A Placemaking Journal
Kangerlussuaq: Heart of the Arctic Day 13
Wednesday, July 29, 2015
After sailing up one of the longest fjords in the world, the delightfully scenic Söndre Strömfjord, we disembarked Ocean Endeavour for the last time, to explore the community of Kangerlussuaq. One group went off for a walk on the ice cap and the other on a nature hike, before we flew out of Greenland midafternoon. We headed for Toronto, stopping in Goose Bay, Labrador, to refuel. Tomorrow, we’ll disburse to Japan, New Zealand, Australia, Great Britain, Israel, across the US and Canada.
Greenland creates its own high pressure ridge, because it’s such a massive island with a thick icecap. Most weather systems go around this dome of pressure, which is why the desert island gets only 5 to 10 inches of rain each year.Strong ocean currents keep most of the 168-kilometre long Söndre Strömfjord and this part of the Arctic Ocean navigable year round. This comparatively mild weather makes Kangerlussuaq a strong whaling and fishing community. It also attracted the US to build a air base here in WWII, along with the handy proximity to Europe.
Local infrastructure is beefy, including a 2.8 kilometres long airstrip, hearkening back to the U.S. presence, which ended with the Cold War, in 1992. Telephone poles to nowhere are an eerie reminder of change, along with what is now Greenland’s main international airport.
Our local tour guide pointed out notable changes since he moved here from Denmark in 2006, when the willows averaged 0.3 meters tall, but now they average 1.6 meters, thanks to the warming weather and extended growing season. During that timeframe, the wall of the icecap has pulled back between 30 and 40 metres, making the glacier-fed river so fast-moving that additional drainage and bridges were necessary for the roadways to stay functional. This roadwork swallowed up a backhoe, buried under the silt never to be seen again.
Hunting season for the caribou starts August 1, so our eyes were peeled for them along with Arctic hare, muskox, and birds. However, even though this region is usually distinguished by rich biodiversity, we only saw arctic hare and birds, including a wheatear, a bird that migrates around Greenland, then across Europe to Africa.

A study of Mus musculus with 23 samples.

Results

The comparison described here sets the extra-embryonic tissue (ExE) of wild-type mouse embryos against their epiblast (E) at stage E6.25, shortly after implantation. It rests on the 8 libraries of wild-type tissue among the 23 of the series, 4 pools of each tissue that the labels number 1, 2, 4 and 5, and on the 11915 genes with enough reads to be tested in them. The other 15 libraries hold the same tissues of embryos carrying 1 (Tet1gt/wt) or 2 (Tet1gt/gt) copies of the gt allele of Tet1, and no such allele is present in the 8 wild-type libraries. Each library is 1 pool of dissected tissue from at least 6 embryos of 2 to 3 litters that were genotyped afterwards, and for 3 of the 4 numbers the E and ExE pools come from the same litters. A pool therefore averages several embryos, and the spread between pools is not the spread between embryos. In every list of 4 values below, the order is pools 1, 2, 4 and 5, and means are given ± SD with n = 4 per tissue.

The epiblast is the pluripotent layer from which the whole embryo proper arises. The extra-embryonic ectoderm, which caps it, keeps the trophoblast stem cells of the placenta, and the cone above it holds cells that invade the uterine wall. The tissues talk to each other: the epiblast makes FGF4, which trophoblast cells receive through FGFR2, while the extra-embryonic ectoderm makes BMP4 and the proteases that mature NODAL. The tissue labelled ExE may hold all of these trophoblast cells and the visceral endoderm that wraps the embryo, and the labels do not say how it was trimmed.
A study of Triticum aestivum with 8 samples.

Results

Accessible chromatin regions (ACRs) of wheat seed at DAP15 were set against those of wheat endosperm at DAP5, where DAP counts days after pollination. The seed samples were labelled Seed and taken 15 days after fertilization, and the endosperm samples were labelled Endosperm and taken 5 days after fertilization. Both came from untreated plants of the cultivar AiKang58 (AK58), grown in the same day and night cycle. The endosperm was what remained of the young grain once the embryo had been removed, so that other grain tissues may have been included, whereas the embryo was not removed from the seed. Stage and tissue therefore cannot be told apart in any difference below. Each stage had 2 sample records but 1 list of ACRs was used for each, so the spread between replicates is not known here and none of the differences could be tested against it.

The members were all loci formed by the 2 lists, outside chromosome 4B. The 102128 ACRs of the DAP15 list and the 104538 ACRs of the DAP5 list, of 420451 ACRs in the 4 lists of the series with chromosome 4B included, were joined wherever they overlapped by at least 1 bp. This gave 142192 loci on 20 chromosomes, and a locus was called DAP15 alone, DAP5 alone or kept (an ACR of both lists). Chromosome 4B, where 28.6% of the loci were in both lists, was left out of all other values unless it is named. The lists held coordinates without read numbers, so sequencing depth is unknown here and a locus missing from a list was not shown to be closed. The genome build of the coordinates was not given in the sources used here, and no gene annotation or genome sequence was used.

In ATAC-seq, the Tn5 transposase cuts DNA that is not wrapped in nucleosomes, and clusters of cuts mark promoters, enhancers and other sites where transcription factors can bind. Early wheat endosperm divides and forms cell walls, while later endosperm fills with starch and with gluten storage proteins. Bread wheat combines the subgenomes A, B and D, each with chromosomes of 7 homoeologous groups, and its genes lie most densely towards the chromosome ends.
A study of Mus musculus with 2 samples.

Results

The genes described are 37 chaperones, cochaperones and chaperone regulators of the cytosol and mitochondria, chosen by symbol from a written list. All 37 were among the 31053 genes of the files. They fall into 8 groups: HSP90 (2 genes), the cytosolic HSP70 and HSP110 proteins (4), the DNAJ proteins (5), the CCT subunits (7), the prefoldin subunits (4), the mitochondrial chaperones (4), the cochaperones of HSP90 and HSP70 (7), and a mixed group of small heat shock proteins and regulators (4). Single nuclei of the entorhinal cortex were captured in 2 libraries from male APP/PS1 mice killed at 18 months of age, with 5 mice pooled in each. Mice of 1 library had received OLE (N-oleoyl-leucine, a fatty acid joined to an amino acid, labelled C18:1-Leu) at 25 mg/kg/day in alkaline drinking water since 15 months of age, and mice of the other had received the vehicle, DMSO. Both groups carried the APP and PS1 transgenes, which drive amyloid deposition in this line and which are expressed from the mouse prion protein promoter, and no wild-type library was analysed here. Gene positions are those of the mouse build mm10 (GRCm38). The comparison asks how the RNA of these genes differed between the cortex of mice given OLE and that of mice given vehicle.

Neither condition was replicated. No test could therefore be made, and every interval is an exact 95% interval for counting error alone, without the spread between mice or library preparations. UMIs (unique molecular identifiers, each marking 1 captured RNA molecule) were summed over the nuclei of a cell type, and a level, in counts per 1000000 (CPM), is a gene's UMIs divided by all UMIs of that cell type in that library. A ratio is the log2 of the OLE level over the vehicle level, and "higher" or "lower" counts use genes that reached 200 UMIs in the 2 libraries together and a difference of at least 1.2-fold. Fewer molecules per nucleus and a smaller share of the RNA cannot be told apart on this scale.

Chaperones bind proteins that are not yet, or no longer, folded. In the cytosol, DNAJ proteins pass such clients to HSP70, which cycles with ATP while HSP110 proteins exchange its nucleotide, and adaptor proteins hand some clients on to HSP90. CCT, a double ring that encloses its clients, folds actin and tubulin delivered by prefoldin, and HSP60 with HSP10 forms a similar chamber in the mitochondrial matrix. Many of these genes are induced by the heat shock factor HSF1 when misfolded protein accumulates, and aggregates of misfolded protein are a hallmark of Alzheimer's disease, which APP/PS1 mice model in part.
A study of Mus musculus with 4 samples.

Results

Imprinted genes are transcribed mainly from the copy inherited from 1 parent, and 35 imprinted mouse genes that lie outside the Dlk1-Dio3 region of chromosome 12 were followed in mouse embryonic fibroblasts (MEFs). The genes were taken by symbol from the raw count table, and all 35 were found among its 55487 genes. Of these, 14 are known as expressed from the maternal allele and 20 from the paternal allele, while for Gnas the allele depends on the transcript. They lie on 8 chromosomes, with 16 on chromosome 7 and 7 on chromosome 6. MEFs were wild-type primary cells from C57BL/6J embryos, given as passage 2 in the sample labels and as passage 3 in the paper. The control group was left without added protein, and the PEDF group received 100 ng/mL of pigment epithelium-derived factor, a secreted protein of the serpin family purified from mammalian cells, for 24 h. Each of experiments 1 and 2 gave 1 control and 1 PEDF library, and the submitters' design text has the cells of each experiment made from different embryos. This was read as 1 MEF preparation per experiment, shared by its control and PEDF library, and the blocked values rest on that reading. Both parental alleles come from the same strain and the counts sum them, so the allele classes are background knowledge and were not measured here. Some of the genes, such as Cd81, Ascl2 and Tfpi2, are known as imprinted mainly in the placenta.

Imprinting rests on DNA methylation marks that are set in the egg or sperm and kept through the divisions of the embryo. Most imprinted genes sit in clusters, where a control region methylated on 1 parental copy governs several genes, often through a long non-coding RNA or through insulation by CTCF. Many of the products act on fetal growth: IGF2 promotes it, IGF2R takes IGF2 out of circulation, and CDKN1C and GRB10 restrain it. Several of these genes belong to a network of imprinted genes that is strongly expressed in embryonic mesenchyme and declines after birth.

Even now in late July, it’s starting to trend colder, and the water levels are starting to fall in the rivers as the icecap cools. A local saying predicts that the 6th of September will see snow on the mountain. But it’s usually melted by afternoon.
The permafrost here starts at 1 meter under the ground’s surface, and is frozen solid for 20 meters deep (3 to 60 feet). But summers are sunny on this desert island. Lake Ferguson supplies the freshwater here for the 550 year-round residents.
While I will revisit last Arctic insights sometime soon, this ends our 13 days at sea and the daily log portion of my Heart of the Arctic Series. It’s a bit poignant to say goodbye. It’d be tough to come to the Arctic and not be moved, but somehow the people on board made the experience more lasting. The group spanned from a 10-year old to an 85-year old, with several lasting friendships made.
The Adventure Canada “floating university” sort of experience certainly was a big part of it, but it was more than that. Our expedition leaders, Matthew James Bradley-Swan and Stefan Kindberg have been at it for 22 years, building relationships with northern communities, and are well able to weave environmental impacts, history, geology, and poetry into the experience.
Our host, Dave Freeze, and musician, Thom Kovacs, brought laughter and adventure. Together, with a large expedition staff, they all are great connectors of people to places. So in a way that’s completely different than we usually contemplate here, they certainly are placeshakers.
To read the entire Heart of the Arctic series, go here.